Midway board sued for corporate waste

Midway board sued for corporate waste

Midway's creditors are now suing members of the board for corporate waste and unjust enrichment.

Midway again suffered a financial blow today when a number of creditors who aided the publisher launched a court case aimed at members of the board who now stand accused of "corporate waste and unjust enrichment".

The 29-page lawsuit was leaked to Gamesutra today and accuses specific members of the Midway board of directors of a number of wrongdoings which basically amount to lining their own pockets as the company continued to fail.

Midway, which hasn't posted an annual profit since 1999, has been slowly going under for a while now and has been forced to cancel games, close studios and face stock de-listing on the New York Stock Exchange. A series of poor releases has also seen critical talent flee the publisher and the possible sale of core franchises.

The lawsuit alleges that Midway's continuing decline "arises out of a series of disastrous and ill-advised financial transactions that largely occurred during 2008." The suit also specifically names majority shareholder Sumner Redstone, his holding company National Amusements, investor Mark Thomas and former chairperson Shari Redstone as individuals who benefited to the detriment of the rest of the company.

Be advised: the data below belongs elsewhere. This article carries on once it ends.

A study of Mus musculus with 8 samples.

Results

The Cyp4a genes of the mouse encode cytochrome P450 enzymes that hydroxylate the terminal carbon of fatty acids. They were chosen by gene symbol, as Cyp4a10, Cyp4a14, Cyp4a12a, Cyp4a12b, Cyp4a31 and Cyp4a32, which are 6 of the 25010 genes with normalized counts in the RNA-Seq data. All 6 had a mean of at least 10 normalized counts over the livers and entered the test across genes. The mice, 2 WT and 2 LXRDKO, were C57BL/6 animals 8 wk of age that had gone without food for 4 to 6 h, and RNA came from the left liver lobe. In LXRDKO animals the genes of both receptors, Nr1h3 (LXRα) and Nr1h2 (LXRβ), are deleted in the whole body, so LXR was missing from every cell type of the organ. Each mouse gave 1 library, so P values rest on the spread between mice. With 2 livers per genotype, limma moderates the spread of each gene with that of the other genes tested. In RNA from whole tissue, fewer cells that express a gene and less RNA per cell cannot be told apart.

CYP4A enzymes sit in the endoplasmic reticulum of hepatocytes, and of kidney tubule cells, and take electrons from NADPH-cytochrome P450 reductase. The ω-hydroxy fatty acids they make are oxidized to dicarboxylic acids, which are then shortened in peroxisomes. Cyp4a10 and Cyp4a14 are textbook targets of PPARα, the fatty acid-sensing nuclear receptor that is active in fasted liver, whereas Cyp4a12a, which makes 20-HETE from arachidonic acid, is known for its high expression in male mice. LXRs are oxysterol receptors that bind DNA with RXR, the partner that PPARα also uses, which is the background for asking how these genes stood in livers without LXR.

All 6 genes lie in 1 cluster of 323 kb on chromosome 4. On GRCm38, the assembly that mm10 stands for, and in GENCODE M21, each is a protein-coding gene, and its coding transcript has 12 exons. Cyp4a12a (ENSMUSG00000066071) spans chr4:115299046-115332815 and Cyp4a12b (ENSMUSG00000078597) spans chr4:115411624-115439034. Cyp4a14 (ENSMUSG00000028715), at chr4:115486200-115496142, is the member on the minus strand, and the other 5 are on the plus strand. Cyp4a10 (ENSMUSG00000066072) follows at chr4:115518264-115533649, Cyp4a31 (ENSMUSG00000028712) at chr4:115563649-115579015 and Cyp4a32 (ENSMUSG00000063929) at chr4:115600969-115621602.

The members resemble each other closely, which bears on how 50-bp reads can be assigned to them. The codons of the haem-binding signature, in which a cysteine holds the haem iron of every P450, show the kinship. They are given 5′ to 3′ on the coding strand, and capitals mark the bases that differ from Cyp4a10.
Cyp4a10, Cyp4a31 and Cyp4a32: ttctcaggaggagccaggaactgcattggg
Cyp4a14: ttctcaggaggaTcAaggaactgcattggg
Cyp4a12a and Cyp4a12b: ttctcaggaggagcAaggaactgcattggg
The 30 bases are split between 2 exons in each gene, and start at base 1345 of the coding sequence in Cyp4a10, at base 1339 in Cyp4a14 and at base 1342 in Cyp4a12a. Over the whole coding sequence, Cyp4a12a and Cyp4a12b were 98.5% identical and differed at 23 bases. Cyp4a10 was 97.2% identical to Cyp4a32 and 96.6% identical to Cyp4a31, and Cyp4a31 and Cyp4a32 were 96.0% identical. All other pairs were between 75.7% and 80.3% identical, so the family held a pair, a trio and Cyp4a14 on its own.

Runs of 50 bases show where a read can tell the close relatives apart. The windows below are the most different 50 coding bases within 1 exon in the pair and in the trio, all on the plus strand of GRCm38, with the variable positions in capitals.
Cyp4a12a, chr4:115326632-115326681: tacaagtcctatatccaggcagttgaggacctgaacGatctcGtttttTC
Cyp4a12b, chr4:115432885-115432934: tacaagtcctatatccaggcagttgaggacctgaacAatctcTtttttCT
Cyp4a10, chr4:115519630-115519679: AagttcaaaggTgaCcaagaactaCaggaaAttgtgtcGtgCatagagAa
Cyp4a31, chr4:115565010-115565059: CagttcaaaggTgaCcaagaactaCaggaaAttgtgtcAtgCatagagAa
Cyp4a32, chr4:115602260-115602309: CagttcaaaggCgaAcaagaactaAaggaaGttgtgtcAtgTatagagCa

Redstone sold his 87 percent share in Midway for a paltry $100,000 USD last year to Mark Thomas, who took on the $70 million USD debt with the purchase. Shortly afterwards Midway filed for bankruptcy as the change in ownership allowed creditors to start seeking that debt, which Midway was unable to pay. The suit claims that the move allowed Redstone to sacrifice Midway in order to rid himself of the huge debt and that the company did not look for any alternative to this action that might have helped revive the publisher. The claim is backed up by the fact that Thomas was an " inappropriate investor", having no experience or assets to contribute.

Midway has declined to comment on the suit at this point, but if you can stomach the legalese then Gamasutra looks at the case in a bit more detail. Let us know your thoughts in the forums.


Poor Midway. Without any decent games they were destined to fail. I guess with any sinking ship, the directors could choose to nab something along the way if they wanted. Happens quite a lot if people can get away with it.
LordPyrinc 14th May 2009, 04:09 Quote
Alas... the actual fiends that made off with the coin will probably never get punished.